Have you heard the one about the guy who changed the air in his tires from summer blend to winter blend every fall?

This inside joke for gearheads is like the ones about muffler bearings and blinker fluid. Who knew that Tire Pressure Monitoring Systems would come along and bring an acute need for seasonal attention to tire air pressure?

Tire pressure that was borderline acceptable in warm temperatures will turn on the TPMS warning lamp when it’s cold. Pressure has always dropped as temperature drops, but now drivers are aware of it. They line up outside my shop to inflate their tires on the first cold morning of fall.

Whether the TPMS lamp pops on or not, fall is the time to have cars checked for winter. Maintenance inspections usually accompany oil changes, but even if the oil change isn’t due by mileage, the inspection should be done due to time of year.

Cold temperatures and winter roads will stress the entire vehicle. And if any system fails, it is more dangerous to be stranded in bad weather than in fair weather.

Certain items are especially pertinent to safe winter driving, though: The battery, starting system, and charging system should all be tested before winter, because battery performance declines in cold temperatures. Antifreeze should be accurately measured for a maximum freezing point of -34 degrees F. Obviously the heat and defroster better work, too.

To get through the snow, tire tread and four-wheel-drive systems are critical. Studded snow tires can be used in Maine starting Oct. 1. Tires with tread near the legal limit of 2/32 inch might warrant replacement at the beginning of snow season.

Fluids in the gearboxes should be inspected, along with universal joints, and wheel hubs. Stability control and its related functions of antilock brakes and traction control can be electronically tested with a scan tool, even if road conditions are still too good for a performance check.

Rubber parts will be less flexible when cold, so belts and wipers need attention. Modern belt wear must be measured with a tool, rather than visually inspected for cracks. When wipers deteriorate, the first streak always seems to land in the driver’s line of vision instead of the passenger side. To avoid this aggravation, I recommend changing them every fall, whether they look as if they need it or not.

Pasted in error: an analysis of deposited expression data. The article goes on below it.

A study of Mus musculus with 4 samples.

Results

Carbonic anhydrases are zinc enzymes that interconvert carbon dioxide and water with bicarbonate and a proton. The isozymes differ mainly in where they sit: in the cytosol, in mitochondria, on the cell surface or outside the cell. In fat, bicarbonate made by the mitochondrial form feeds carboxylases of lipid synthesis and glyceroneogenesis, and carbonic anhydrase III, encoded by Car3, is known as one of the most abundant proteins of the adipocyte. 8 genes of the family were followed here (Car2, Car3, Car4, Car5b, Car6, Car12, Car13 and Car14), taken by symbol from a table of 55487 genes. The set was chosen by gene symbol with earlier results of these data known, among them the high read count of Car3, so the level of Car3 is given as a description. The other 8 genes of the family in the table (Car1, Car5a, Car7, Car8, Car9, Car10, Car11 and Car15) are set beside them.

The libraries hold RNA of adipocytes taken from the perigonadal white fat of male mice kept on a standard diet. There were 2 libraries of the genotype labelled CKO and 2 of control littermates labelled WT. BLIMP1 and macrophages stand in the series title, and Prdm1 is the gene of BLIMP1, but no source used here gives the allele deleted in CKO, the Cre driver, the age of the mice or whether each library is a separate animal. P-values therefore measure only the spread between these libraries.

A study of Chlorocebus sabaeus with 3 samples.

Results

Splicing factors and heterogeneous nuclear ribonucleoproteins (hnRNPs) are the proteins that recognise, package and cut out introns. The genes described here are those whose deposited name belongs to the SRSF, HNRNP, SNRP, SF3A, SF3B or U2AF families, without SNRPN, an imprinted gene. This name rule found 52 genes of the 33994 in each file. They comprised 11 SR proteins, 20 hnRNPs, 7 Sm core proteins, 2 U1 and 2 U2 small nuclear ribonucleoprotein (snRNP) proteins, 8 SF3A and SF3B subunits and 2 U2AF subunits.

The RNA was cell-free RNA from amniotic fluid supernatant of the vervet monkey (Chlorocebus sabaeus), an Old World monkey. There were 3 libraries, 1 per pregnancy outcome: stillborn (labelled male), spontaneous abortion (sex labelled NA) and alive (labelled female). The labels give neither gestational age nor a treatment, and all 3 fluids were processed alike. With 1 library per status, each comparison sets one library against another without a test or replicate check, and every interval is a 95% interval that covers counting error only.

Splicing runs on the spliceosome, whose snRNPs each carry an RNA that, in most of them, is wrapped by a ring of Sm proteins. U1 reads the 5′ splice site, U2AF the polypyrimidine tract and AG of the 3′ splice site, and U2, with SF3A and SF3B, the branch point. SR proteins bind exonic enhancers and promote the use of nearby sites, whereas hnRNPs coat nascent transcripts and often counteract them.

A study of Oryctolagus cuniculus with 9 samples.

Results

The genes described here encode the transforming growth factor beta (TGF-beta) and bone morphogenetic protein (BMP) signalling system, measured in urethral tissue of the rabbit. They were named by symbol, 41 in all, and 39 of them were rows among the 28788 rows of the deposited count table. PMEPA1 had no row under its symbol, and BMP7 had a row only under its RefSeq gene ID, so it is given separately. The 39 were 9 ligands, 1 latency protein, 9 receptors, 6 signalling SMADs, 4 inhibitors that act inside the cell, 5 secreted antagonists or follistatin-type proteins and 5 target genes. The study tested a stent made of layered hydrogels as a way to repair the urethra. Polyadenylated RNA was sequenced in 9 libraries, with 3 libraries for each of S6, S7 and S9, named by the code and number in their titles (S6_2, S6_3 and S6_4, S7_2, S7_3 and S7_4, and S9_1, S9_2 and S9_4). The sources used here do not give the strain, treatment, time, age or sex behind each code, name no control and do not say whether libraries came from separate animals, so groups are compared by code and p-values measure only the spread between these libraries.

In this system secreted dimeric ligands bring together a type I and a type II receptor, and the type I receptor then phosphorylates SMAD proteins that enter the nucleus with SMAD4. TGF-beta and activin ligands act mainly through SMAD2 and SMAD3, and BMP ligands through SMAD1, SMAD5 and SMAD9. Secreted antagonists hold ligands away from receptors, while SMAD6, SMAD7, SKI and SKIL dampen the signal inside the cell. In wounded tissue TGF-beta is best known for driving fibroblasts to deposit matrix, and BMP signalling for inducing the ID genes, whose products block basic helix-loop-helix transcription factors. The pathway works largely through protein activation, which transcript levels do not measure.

Functioning washer pumps are no longer required by law, but it’s impossible to get through a Maine winter without flushing the road salt off the windshield. It’s smart to stock up with an extra gallon of strong washer fluid with a low freezing point.

Lights are important for visibility on a snowy day. Finally, if all else fails, the flashers better work, so check the functions of all the exterior lights.

Many of the tests I mentioned require specialty tools and a high level of expertise, so I recommend getting a professional opinion. Technicians often perform these seasonal inspections at no cost or for a low fee, especially if you are a regular customer. Their hope is that customers will buy services that are indicated by the inspections.

When you are driving in bad weather, confidence in the vehicle is well worth the price of professional service. By comparison, the cost of not being prepared for inclement weather could be monumental.

Winter driving is serious business, but it helps to have a sense of humor. With respect to the temperature-pressure relationship: If your tires need air, ask your technician if you can borrow some for the cold winter, and promise to bring it back in spring when you’re done with it.


Ruth Morrison is an Automotive Technology Instructor and Department Chair at Southern Maine Community College. She holds certification as an ASE Master Technician and Advanced Level Specialist and was a former Ford Senior Master Technician.